When designing anything, there is the common problem of how do we keep people moving through our design? The full experience is what every user needs. So many hours spent perfecting the smallest of details to create something elegant and beautiful, but no one sees it. In fact, they don’t even understand it. How could that be? You spent countless hours constructing the perfect work of art that would rival the works of Picasso. Cue microinteractions. These subtle hints in any design keep users moving forward and satisfied until the end. Not everyone has come here to simply view the beauty of your work. Most people for that matter. They came for a reason and we must respect that. Our goal with microinteractions is to show an incredible design paired with the practicality of time constraints.
The most advantageous aspect of using microinteractions is that they can help users discover the full worth of what you have created. This can be designs, great interactive features, content, or anything else for that matter. These small aids can help people dive further into the process, allowing them to discover something they might not have even known they needed before. Here’s a few suggestions:
A simple idea, yet arrows can make all the difference. This gives someone a direction to where they should go if they came looking for something. Follow the yellow brick road and you will find what it is you seek.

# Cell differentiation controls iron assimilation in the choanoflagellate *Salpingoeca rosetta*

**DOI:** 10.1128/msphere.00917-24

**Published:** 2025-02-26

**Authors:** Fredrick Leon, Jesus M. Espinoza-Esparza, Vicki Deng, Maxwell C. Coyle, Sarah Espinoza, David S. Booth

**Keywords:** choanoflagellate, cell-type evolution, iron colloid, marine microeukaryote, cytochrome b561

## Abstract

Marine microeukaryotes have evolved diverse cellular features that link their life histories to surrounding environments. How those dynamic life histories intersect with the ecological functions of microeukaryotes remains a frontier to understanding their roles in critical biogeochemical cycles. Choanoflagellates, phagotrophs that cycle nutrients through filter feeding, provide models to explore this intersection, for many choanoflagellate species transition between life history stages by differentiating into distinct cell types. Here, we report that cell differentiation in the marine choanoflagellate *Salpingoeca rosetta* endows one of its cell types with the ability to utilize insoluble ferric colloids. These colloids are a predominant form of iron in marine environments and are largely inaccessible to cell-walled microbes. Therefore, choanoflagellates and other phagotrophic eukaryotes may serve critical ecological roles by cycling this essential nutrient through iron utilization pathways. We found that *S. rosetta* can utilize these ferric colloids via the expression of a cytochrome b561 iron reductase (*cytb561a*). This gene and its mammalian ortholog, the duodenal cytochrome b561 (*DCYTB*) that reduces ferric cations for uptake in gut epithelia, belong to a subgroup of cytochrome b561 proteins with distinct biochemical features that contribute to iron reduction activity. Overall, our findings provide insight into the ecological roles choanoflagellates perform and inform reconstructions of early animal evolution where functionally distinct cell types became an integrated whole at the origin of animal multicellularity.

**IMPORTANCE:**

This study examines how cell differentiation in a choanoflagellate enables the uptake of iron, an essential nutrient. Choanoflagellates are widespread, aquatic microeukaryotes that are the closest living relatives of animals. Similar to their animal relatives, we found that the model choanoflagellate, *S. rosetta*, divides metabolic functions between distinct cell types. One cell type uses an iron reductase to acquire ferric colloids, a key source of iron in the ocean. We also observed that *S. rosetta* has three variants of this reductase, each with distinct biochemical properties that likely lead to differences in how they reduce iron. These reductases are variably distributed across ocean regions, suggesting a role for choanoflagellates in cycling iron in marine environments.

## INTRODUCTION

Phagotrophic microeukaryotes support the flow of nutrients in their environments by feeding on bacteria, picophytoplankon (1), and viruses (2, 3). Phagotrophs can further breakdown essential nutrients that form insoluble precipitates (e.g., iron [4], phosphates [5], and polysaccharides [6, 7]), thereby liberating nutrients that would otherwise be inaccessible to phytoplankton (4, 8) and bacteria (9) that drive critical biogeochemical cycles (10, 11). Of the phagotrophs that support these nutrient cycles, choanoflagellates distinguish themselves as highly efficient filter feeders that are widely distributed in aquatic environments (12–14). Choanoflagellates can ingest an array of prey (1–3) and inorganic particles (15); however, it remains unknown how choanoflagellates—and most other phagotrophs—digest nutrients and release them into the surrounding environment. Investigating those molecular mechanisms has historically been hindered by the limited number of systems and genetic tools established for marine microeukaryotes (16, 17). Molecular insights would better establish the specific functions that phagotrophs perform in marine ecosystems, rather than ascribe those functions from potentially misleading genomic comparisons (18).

Putting the words can make all the difference. With a “click here” model you can expand it in any way you see fit. This could be in the form of word transformations, scrolling effects, or transitional guides. Whatever tickles your fancy really. Use this to your advantage to keep people moving.
Even the smallest details can enhance someone’s experience. This can be something as small as having a button that transforms in the event of someone hovering over it. Imagine on your site you give the option for a visitor to toggle music off and on, but when select to either turn it on or off, the button transitions into what is they have it set to, i.e. paused or playing. You can go as far as to make the different modes different colors as an added bonus for those who choose to interact.
Negative space or whitespace, whatever you would like to call it, is the use of space where nothing is. This could include a big chunk of your website that is feel with nothing more than color while your text and/or pictures sit off to the side. You’ll know what looks good as your designing and refining your design. This could also be seen with padding for text. The use of whitespace allows for you to control content and keep it neatly set out for viewers whether they be on a desktop, mobile device, or tablet.
Website viewing is moving more and more towards mobile viewing every day and with that comes the mobile-first design concept. Designers are starting with mobile designs and moving upwards towards desktop views. With condensed space, what are you to do to include everything necessary while making it appealing? Utilizing micro-sticky interactions can be a great use of space that will only deploy when someone clicks on it, which can be stored in a header or maybe even a footer so as not to clutter someone’s view too much.